Mimic a Moose

Mimic a Moose





By Dwight Schuh, Senior Editor


Author's Note


Author's Note: I used a Mathews Icon at 60 pounds, Easton A/C/C 3-49 shafts, Barrie Ti-125 broadheads, Brunton 10.5x43 binoculars, Bushnell Yardage Pro rangefinder, and micro-fleece clothing by Day One Camouflage.

 

THIS WAS A NEW one on Larry D. Jones and me. We were about 100 yards from two moose, a cow and a young bull. I didn't want to shoot this bull, so Larry shot video as we watched with interest.


Whether the cow was in heat, I don't know, but the bull clearly thought she was  — or wanted her to be  — as he approached her repeatedly, grunting and sniffing. As this continued, we began to distinguish a muted, bird-like sound and, listening closely, we realized it was the cow. Now, we've heard lots of cow moose, but they were always making loud moaning and groaning sounds audible from hundreds of yards away. This was different. Each time the bull approached, the cow made that soft, whimpering sound, a quavering hum that was barely audible at 100 yards. Apparently it was private talk between two lovesick moose.

At the time I didn't realize the significance. It was just a bit of moose lore to file away in the "things of interest file" in the back of my mind. Little did I know that the whimpering sound would have a major bearing on the outcome of my hunt.

LARRY AND I WERE in southeastern Idaho, near the Wyoming border. Having drawn the tag as a single applicant, I had planned to hunt alone. However, as I have described in earlier issues of Bowhunter, surgery on my left shoulder put a crimp in my archery during the 2002 season. To solve that problem, I had learned to shoot with one arm and a mouth tab. So I felt confident about killing a moose.

But butchering a moose? That was a different story. The doctor had told me, "No heavy lifting!" And every square inch of a moose is heavy. I would need help.

Enter my good pal Larry. I didn't exactly beg him to go with me, but I might have hinted at the possibility.

"Okay, Dwight, quit whining," Larry responded. "I'll go with you and butcher your moose. But only if I can video the hunt  — and hunt elk on the side."

I was in no position to bargain, so we started hunting September 24, which would give us a week of elk hunting.

For the first few days we bugled and grunted, planning to go after whatever answered, elk or moose. On September 27, we were calling at the head of a canyon when we heard a faint grunt. Okay, we were hunting moose.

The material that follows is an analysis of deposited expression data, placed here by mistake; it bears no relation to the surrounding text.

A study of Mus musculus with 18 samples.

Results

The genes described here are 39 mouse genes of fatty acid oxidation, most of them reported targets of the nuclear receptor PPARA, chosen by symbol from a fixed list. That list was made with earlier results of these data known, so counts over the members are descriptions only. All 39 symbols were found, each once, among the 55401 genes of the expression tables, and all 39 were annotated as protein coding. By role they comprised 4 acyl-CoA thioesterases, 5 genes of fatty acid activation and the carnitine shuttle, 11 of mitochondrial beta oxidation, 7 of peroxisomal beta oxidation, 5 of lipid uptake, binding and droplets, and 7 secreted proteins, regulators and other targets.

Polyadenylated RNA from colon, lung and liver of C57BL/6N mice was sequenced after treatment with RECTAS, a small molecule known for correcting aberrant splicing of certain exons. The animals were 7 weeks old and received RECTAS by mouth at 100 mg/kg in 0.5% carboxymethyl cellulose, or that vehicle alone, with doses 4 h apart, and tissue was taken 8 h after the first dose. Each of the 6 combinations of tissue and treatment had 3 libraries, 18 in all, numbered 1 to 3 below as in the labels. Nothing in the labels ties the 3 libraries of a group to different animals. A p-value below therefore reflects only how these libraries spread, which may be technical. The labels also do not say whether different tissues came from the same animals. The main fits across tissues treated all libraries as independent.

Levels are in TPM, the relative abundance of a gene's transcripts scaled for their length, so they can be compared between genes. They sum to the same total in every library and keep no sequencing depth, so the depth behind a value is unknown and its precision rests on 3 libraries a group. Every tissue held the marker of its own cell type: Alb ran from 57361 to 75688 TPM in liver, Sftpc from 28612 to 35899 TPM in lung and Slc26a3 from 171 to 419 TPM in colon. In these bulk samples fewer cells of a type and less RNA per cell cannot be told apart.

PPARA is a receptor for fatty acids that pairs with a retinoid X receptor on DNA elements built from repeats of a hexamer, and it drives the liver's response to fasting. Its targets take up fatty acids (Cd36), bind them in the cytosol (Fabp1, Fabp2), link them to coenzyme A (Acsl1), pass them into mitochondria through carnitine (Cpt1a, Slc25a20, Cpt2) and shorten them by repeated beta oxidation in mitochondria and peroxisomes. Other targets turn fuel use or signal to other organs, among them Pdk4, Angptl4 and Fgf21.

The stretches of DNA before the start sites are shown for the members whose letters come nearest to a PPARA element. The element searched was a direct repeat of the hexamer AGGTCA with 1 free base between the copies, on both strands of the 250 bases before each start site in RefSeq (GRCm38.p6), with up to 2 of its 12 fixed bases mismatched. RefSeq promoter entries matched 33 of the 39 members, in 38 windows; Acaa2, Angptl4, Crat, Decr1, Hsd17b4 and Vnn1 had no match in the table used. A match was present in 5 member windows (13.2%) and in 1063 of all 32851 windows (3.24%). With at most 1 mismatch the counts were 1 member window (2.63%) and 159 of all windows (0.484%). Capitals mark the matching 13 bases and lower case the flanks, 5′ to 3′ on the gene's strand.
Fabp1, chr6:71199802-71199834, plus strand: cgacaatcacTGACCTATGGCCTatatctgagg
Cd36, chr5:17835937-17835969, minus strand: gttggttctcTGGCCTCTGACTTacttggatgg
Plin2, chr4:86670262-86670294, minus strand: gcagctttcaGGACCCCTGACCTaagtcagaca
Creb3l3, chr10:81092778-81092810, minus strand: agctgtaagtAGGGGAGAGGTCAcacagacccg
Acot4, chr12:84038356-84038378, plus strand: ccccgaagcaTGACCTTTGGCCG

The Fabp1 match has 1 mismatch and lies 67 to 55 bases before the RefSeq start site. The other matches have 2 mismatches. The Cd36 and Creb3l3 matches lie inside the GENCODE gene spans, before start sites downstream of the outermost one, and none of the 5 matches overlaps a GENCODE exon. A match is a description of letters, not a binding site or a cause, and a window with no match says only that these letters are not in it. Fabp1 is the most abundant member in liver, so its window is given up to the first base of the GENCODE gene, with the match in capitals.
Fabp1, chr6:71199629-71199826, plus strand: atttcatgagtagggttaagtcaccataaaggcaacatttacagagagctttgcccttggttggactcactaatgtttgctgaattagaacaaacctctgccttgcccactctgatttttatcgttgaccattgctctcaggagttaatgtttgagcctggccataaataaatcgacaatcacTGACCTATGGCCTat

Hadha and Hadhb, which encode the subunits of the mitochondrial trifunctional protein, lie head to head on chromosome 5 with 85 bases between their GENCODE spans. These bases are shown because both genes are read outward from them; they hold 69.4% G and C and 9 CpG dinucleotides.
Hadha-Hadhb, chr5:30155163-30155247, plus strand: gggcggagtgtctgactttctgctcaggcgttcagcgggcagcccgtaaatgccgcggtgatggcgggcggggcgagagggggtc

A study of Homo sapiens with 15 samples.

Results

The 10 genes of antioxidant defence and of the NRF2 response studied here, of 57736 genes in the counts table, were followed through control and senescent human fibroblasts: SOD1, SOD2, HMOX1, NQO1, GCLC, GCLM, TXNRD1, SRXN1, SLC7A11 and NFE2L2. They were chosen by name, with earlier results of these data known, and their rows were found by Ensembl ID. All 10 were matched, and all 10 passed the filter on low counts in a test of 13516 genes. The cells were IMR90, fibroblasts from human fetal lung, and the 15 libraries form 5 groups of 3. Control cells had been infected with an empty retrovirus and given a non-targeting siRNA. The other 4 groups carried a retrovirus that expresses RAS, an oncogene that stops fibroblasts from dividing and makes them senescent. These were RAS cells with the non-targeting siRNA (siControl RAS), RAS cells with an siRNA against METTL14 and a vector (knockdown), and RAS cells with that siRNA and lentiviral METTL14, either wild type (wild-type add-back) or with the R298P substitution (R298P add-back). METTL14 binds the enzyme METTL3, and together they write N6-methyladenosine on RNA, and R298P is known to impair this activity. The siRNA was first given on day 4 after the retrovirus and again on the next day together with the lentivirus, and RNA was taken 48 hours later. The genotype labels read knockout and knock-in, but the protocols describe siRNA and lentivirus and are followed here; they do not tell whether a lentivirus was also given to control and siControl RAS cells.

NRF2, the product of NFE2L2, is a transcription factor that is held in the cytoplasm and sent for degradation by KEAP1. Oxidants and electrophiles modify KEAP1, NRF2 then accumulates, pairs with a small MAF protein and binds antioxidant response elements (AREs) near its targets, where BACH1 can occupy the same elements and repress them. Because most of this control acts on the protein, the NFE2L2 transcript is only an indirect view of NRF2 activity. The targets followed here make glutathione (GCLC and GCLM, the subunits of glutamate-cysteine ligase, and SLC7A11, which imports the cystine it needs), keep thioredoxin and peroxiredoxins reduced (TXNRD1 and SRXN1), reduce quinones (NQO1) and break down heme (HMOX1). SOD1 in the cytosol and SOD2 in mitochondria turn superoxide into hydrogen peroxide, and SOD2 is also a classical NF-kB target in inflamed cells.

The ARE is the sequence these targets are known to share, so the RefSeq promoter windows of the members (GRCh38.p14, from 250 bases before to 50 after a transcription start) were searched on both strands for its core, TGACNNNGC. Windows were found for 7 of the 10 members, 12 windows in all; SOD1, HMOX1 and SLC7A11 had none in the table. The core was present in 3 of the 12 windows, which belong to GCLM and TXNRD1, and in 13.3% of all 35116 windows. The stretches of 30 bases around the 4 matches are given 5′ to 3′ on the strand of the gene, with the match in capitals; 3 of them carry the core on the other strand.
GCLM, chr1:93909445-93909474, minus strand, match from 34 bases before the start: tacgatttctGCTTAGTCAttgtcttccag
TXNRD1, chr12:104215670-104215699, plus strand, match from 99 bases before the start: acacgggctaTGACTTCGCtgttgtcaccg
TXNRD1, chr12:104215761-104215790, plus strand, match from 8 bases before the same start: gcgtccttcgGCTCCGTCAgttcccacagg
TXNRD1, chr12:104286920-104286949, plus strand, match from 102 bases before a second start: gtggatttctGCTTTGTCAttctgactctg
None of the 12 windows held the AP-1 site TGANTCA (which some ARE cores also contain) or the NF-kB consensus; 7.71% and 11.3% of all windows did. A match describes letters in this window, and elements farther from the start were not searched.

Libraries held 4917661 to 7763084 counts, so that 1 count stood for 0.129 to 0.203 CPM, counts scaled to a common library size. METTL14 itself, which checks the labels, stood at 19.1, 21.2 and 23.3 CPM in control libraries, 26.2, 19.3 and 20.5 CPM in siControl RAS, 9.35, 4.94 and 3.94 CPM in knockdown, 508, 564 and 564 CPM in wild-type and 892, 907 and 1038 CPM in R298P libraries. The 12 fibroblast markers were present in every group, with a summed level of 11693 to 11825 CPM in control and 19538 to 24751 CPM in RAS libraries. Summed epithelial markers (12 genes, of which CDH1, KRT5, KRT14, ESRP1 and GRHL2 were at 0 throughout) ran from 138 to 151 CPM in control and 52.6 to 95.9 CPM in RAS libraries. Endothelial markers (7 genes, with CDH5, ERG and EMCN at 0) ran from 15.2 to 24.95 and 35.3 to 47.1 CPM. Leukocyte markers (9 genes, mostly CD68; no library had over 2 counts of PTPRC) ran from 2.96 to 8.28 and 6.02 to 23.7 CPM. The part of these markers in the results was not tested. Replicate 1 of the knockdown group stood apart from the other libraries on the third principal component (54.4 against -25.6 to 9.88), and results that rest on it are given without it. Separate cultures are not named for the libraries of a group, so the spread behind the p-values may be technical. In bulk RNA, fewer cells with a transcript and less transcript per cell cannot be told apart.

Soon we could see a tree swaying 80 yards away. As Larry dialed in the camera, I moved ahead and thrashed brush with a little moose antler I carry for this purpose. Soon we saw antlers, maybe 40 inches wide, coming through the brush. I thrashed and grunted, which fired up, and he headed down toward us until he stood broadside at 20 yards. I was tempted, but this was the first bull we'd called in. Wanting to hunt some more, I passed on the shot, and the bull moved on. Larry got some good video.

By the end of the elk season on September 30, we had not seen a single elk. But while searching for elk, we had scouted out some great spots for moose, and over the next 5 days, Larry and I probed those spots. Two days we saw no moose at all, which is no surprise when hunting such solitary animals.

But twice we came within a whisker of killing 40-inch bulls. One, less than a quarter mile from camp, came on the run for several hundred yards until he stood 18 yards away. Unfortunately, at that point he smelled us and stopped, only his antlers showing over a bank.

The other grunted at us for more than an hour, and eventually we called him within 40 yards. But he would not cross one last draw to give me a good shot, and, finally, he too smelled us and crashed off. Still grunting.

Another day we called a little paddlehead bull within 15 yards. And later that same day we videoed the little bull with the whimpering cow. Again, this was not a bull I wanted to shoot, but we did learn a valuable lesson.

ON OCTOBER 6, WE started up a ridge at dawn. Rain and snow hit hard when we got to the top, and by midmorning, soaked and cold, we built a fire to warm up. Feeling better, we dowsed the fire and had gone only a short distance when we heard a moose grunt in the distance. It sounded as if he was far across the canyon, so we stepped out, wanting to get over there quickly.

Suddenly, we heard a loud crack. He was right beside us! We scrambled like the two stooges, trying to find a hiding place. That's when we saw the bull, maybe 80 yards away. He was watching us. And maybe laughing.

Larry readied his camera as I thrashed a limb with my antler. Clearly, the bull was not impressed. To stir his adrenaline, I hit him with my best bull grunts. He seemed even less impressed. So I gave him my most enticing cow moans. How could he resist? But he did. In fact, he looked bored.

Then it struck me. What about the whimpering sound that cow was making? With nothing to lose, I mimicked that cow as best I could, making a high-pitched, quavering hum.

Instantly, the bull perked his ears, grunted, and headed our way. When I hummed again, he tore into a tree.

When I hummed third time, he marched our way with purpose. Hurriedly I clenched the mouth tab in my teeth, and as the bull passed behind a tree, 20 yards away, I drew. When he reappeared, I released and my arrow disappeared into the dark shadows.

The bull trotted toward us, posturing as if to challenge us. When he started swaying, I knew he was hit but wasn't sure where. So, at 15 yards, I shot again. We later learned that the first arrow had gone through the heart, the second through both lungs. This bull was dead and just didn't know it. Instead, he put his head down and, on wobbly legs, charged my blind, finally collapsing 10 feet from where I'd stood calling. I still don't know what that humming sound means, but I do know it has a powerful effect on a bull moose.